I was woken last Sunday by three little boys who jumped on to my bed, with an assortment of inconveniently placed knees and elbows, to wish me happy Father's Day. It was all very hilarious and cuddly for a while and then I decided I'd had enough.
"Right, that's it, I'm getting up now," I announced. But apparently there are rules for Father's Day. I was told to stay in bed.
"But I don't want to stay in bed."
No choice. It's Father's Day and there's nothing better than a lazy morning in bed.
"But ... I kind of want to get up."
Nope. It's Father's Day. You are to stay in bed and relax with your three boys who are wrestling each other on top of the duvet and your face.
"Can I at least go the bathroom?" I asked. But that proved difficult, trapped as I was beneath a tumble of orangutans.
A while later I tried another tack. "I'd quite like to get up and have a shower," I said to no one in particular. I needn't have bothered. It appeared that I was damn well going to have a lazy morning in bed on Father's Day and I was damn well going to enjoy it.
Where Mother's Day is all about giving mum some time off, Father's Day seems designed primarily for the children's benefit.
Earlier in the week, my 8-year-old had asked what I would like for Father's Day. I looked over his shoulder at the sea of Lego pieces, the marbles, the army men and the minefield of wooden blocks on the floor.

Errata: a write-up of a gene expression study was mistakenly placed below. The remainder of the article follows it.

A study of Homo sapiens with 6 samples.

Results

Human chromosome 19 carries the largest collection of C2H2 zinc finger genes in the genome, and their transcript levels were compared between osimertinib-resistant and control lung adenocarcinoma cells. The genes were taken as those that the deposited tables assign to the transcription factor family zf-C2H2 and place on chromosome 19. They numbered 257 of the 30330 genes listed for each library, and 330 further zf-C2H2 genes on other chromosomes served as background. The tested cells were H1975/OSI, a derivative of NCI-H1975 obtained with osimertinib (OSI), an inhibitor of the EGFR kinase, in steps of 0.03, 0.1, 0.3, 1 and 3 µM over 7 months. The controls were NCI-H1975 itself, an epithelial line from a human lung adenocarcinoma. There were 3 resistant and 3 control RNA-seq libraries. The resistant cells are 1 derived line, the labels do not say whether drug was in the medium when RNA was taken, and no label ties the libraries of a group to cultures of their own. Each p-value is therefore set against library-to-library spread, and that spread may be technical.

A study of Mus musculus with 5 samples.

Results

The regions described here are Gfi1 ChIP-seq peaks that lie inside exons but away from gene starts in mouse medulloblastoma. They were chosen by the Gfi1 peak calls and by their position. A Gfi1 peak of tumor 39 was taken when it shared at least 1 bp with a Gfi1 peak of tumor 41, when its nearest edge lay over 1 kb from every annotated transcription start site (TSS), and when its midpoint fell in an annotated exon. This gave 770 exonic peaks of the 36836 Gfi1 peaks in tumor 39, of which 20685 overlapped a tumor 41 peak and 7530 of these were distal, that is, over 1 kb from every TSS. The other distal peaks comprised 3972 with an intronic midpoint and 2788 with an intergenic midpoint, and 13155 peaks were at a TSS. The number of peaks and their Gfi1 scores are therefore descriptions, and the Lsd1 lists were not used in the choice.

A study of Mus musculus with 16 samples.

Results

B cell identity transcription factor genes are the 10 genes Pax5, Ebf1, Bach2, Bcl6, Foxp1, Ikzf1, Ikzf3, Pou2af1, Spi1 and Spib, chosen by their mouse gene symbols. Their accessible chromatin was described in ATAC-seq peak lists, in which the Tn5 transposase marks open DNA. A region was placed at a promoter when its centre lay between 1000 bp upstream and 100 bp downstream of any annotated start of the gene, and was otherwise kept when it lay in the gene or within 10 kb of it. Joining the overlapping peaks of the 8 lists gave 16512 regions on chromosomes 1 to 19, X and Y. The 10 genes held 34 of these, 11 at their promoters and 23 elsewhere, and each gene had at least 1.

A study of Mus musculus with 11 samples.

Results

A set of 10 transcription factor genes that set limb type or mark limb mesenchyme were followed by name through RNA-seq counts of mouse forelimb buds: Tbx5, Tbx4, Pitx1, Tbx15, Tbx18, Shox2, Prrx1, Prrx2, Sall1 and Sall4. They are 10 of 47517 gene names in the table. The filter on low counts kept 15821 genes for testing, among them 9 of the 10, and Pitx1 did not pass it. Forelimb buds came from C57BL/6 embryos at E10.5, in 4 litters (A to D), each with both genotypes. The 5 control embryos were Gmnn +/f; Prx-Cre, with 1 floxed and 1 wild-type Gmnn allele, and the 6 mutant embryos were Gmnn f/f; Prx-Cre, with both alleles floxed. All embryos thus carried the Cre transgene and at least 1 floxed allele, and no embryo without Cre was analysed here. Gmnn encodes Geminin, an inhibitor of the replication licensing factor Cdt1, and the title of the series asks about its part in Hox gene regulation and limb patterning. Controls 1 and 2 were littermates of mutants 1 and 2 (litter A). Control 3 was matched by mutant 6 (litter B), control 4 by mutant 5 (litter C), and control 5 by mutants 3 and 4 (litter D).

"What I would really like," I said, after some thought, "is a tidy lounge." The dinner table fell into silence. My son said, somewhat meekly, "Or ... we could go for a bike ride?"
In the end we did go for a bike ride. And, I'll be honest, the whole day was great, even the part where I was squashed awake. I'm hardly about to complain that I was force-pampered on Father's Day.
At least they still want to hang out with me. "Just you wait until they're teenagers," I often hear. Apparently my affectionate children will soon transmogrify into surly recluses and they won't want to spend any time with me at all.
"Just you wait." Three words you should never say to parents. "Just you wait" is the smug cousin of "I told you so", only delivered in advance.
My wife and I were sleep-deprived in the weeks after our first baby was born. "Just you wait until he's on solids," people said.
We were dealing with a toddler's first temper tantrums. Inevitably: "Just you wait until he's a teenager."
Statements like that are pointless and don't help anyone. It's like saying, "I'm older than you, ha ha," as though that has some sort of currency.
Whatever you are going through right now, at this particular time and place, that's the thing that matters. Your current situation is real and it is unique to you. No one else has been in your shoes. People who say "just you wait" don't have a clue what hidden pressures you're juggling. My kids are at a fun age. But every season has its challenges and they're all equally valid. Just you wait until you figure that out for yourself.
Marcel Currin is a Tauranga author and poet.